If you’ve thought before about working a temp job, here’s some further ammo for considering it.
Today the US unemployment rate rose to 9.8%, the highest this country has experienced since June 1983. That’s 15.1 million Americans now out of work.
According to the US Labor Department, another 263,000 jobs were lost last month, higher than expected. Additionally, if those who were already laid off and have had to settle for part time work or those who’ve given up altogether were included, the actual unemployment rate would be a whopping 17%.
According to the recent article by AP Economics writer, Christopher Rugaber, the number of people out of work for six months or longer jumped to a record 5.4 million, and they now make up almost 36 percent of the unemployed — also a record.
Here’s the one bright spot: temporary help agencies eliminated only 1,700 jobs, down from the previous month. Economists see temporary jobs as a leading indicator, because employers are likely to hire temp workers before permanent ones.
If you’ve been out of work for several months and it’s been awhile since your last interview, consider a temp job. Tig Gilliam, CEO of Adecco North America, a temporary job agency, said that industry likely will add jobs next month. Obviously, one route is through the temp agencies like Adecco.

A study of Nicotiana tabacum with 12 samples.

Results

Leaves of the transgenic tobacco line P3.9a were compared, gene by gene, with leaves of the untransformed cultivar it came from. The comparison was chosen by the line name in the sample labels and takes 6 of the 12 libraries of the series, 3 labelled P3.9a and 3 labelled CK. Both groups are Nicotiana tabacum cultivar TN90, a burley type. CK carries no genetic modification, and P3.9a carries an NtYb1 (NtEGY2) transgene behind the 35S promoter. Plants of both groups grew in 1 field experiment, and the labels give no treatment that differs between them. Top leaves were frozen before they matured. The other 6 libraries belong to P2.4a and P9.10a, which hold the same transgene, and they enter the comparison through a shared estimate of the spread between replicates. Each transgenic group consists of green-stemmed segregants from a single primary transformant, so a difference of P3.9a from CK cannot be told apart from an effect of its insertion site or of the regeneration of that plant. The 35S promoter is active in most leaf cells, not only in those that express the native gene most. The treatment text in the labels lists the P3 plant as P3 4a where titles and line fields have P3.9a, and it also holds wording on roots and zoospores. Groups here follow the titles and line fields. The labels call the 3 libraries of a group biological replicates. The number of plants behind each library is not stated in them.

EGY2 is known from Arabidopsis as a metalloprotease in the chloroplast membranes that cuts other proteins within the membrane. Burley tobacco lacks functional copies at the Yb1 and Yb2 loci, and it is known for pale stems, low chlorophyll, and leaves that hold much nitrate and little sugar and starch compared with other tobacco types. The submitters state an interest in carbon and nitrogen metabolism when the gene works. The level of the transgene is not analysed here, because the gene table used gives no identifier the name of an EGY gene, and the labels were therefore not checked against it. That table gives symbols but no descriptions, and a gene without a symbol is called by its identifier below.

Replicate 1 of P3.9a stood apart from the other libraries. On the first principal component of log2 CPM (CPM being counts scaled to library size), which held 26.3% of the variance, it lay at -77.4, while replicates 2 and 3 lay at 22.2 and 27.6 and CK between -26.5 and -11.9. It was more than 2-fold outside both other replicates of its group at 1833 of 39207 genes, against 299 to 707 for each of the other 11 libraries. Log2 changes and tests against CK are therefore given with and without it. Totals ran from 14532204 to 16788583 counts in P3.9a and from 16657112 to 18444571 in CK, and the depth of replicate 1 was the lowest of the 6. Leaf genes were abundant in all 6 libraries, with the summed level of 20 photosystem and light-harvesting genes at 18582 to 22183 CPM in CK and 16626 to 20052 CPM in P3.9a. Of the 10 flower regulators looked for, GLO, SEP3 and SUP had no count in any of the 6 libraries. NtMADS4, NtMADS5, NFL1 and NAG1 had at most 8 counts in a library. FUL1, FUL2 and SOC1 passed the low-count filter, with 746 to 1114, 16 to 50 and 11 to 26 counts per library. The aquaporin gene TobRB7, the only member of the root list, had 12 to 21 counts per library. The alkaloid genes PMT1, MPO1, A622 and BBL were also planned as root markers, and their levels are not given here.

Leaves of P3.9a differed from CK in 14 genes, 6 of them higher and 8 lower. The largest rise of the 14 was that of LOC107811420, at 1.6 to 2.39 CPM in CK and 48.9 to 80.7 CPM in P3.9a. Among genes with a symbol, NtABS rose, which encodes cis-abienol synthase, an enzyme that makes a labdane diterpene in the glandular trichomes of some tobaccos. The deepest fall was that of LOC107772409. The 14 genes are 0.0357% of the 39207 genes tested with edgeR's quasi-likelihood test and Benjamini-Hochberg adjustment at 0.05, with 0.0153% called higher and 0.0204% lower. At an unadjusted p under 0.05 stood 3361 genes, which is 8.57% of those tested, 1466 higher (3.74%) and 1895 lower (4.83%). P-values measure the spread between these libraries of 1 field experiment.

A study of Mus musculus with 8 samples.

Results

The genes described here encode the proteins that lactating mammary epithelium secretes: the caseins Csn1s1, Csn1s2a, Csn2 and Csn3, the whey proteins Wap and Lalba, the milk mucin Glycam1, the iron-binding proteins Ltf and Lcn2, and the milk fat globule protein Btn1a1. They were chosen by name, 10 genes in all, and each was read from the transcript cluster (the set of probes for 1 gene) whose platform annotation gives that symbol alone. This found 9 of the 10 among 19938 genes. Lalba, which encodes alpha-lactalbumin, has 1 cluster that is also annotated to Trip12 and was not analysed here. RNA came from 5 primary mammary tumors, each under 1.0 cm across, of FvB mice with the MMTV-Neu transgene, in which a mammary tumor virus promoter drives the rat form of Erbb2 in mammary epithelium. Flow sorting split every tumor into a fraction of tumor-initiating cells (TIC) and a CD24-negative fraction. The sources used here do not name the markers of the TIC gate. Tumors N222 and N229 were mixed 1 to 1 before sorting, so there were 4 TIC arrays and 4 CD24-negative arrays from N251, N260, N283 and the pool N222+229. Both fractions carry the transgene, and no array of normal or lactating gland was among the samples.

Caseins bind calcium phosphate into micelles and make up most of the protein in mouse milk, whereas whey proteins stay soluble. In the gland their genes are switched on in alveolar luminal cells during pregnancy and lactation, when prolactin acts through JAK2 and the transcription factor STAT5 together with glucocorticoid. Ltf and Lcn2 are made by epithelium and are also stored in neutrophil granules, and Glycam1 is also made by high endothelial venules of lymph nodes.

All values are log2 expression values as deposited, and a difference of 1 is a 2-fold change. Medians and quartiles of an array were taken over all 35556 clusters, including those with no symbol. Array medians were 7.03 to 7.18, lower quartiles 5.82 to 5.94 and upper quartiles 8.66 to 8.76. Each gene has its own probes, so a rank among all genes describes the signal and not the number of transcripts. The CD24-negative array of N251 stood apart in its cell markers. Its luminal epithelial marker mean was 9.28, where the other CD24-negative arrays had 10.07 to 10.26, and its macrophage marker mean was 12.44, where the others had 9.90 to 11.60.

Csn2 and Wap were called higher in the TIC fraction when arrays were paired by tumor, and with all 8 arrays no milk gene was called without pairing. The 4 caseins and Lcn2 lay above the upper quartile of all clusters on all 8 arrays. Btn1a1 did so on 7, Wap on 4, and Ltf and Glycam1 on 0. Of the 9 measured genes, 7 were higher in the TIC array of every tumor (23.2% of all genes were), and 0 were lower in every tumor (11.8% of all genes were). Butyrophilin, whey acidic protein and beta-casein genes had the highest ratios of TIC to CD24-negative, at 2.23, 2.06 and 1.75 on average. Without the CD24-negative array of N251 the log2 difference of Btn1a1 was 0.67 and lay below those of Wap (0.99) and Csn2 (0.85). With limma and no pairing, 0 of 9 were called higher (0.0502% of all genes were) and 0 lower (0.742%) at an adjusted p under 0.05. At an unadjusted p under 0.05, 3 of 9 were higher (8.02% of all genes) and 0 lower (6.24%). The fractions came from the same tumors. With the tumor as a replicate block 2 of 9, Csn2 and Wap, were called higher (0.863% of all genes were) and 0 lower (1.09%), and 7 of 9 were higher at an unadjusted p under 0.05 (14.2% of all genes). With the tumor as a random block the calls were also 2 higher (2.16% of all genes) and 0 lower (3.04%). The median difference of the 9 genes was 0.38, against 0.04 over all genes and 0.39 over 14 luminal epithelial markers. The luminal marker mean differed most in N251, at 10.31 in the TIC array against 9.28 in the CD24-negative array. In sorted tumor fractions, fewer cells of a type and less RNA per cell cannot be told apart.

Another more creative way to find a temp job is to direct market yourself to potential hiring managers. Sell yourself through a contract, which is a short-term project with an end result that you can define. This will take some work to research names and create a direct marketing program for yourself yet the need among companies is there. In a recent interview with career consultant, Randy Block, he noted that many employers are now considering the next six to nine months a crucial period. Those who can demonstrate ways to help them make it through these tough times (think short contract) will be in more demand for permanent jobs after this period of crisis has passed.